At the Goethe Institut this evening, to attend the monthly Author Interaction there, there were drinks, and brilliant artists from various fields chatting, arguing, and sharing anecdotes and opinions on each other’s works. This is the whole purpose of the event, it turns out. Poet and novelist Lola Shoneyin, journalist and artist Victor Ehikamenor, journalist and writer Sam Umukoro, and poet and author Kume Ozoro, all sat and read from their works while fielding questions from the very interactive, attentive, active, and articulate audience.
Lola Shoneyin is the author of the famous novel The Secret Lives of Baba Segi’s Wives, and an evergreen book of feminist poetry So All the While I Was Sitting on an Egg. Victor Ehikamenor is the author of Excuse Me! a collection of anecdotes previously published at 234Next newspapers, and the artist behind Amusing the Muse, an exhibition of drawings and paintings, on till May 31. Sam Umukoro, who worked previously with the Guardian, is the publisher of a website devoted to interviewing famous Nigerian writers, celebrities, and newsmakers. He has also published a book (whose name I have now shamelessly forgotten). The fourth guest, Kume Ozoro, is the author of a collection of private love poems.
Met also, for the first time, a few people with whom I have interacted over the social media for months, and even years. Deji Toye is one of those brilliant rascals, present in most of every cerebral gathering in Lagos, vocal and engaging in each of them sometimes to be mistaken for the host, and effacing enough to miraculously evade capture at crucial moments after the show for a short aside conversation. Until today. An affable man. I also had a chance encounter with Marc, the director of the Institut who sat around through the event and paid great attention to everything going on, sometimes gesticulating to the host to move it forward whenever the subject began to dwell too long on a controversial point. Then, there was Gbemisola, a loyal reader of the blog who surprisingly was able to recognize me out of a crowd, to my pleasant surprise. I also met Sola, a graduate of Theatre at the University of Ibadan who invited me to come see a few of his live theatre workshop/performances in Ikeja which takes place once every month. I intend to, sometime.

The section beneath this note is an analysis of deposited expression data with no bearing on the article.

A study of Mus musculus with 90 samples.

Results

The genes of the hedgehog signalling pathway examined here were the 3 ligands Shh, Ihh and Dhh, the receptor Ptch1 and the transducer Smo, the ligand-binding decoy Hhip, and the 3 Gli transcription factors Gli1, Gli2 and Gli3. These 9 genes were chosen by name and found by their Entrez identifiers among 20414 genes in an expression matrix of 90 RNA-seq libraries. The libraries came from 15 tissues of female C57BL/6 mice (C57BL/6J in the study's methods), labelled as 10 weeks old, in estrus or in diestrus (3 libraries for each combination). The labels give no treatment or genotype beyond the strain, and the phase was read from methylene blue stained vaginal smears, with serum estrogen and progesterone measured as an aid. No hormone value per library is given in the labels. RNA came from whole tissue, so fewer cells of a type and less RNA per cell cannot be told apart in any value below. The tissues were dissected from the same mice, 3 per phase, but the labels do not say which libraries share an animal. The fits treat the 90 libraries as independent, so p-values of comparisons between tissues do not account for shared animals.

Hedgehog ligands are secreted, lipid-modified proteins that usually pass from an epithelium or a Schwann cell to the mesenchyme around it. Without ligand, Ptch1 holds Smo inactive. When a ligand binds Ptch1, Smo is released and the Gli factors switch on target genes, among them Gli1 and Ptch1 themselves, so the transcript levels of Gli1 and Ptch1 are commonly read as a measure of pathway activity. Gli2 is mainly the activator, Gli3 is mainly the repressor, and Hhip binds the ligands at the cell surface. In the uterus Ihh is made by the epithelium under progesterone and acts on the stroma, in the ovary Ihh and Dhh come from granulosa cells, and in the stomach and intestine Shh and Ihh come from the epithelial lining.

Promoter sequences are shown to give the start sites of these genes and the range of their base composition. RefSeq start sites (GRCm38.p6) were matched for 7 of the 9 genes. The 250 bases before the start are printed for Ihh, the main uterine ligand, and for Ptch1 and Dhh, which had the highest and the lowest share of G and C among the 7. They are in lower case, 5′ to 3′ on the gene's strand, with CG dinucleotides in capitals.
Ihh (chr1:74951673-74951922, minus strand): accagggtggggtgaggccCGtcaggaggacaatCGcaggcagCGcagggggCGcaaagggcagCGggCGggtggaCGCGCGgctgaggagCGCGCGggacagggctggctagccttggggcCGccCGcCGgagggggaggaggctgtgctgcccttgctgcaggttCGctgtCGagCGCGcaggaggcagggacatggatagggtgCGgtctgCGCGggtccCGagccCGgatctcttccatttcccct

With writer/columnist Bayo Olupohunda much later around Ikoyi, among defiant spirits of the Bogobiri club, dreadlocks woven taut on a couple of heads, we chatted for hours with Swedish journalist Erik Esbjörnsson in town to research the portrayal of women in Nollywood movies – an interest of both himself and Mr. Olupohunda. We talked Nairobi, Uppsala, Eldoret, Germany, and Iowa, beers flowing around the warm glow of the club insides. It is “Marley Day” in Lagos, although, curiously, none of the sounds from the muffled bar speakers played Raggae. Outside, painted on the fences and gate in colourful motifs of the street, are the colours of Lagos, and scrap metals that wear visual arts like fancy clothes. I could as well have been in Fela’s famous Africa Shrine.
It’s night now, and I’m back home, in the arms of Mrs. Tubosun, where I rightly belong.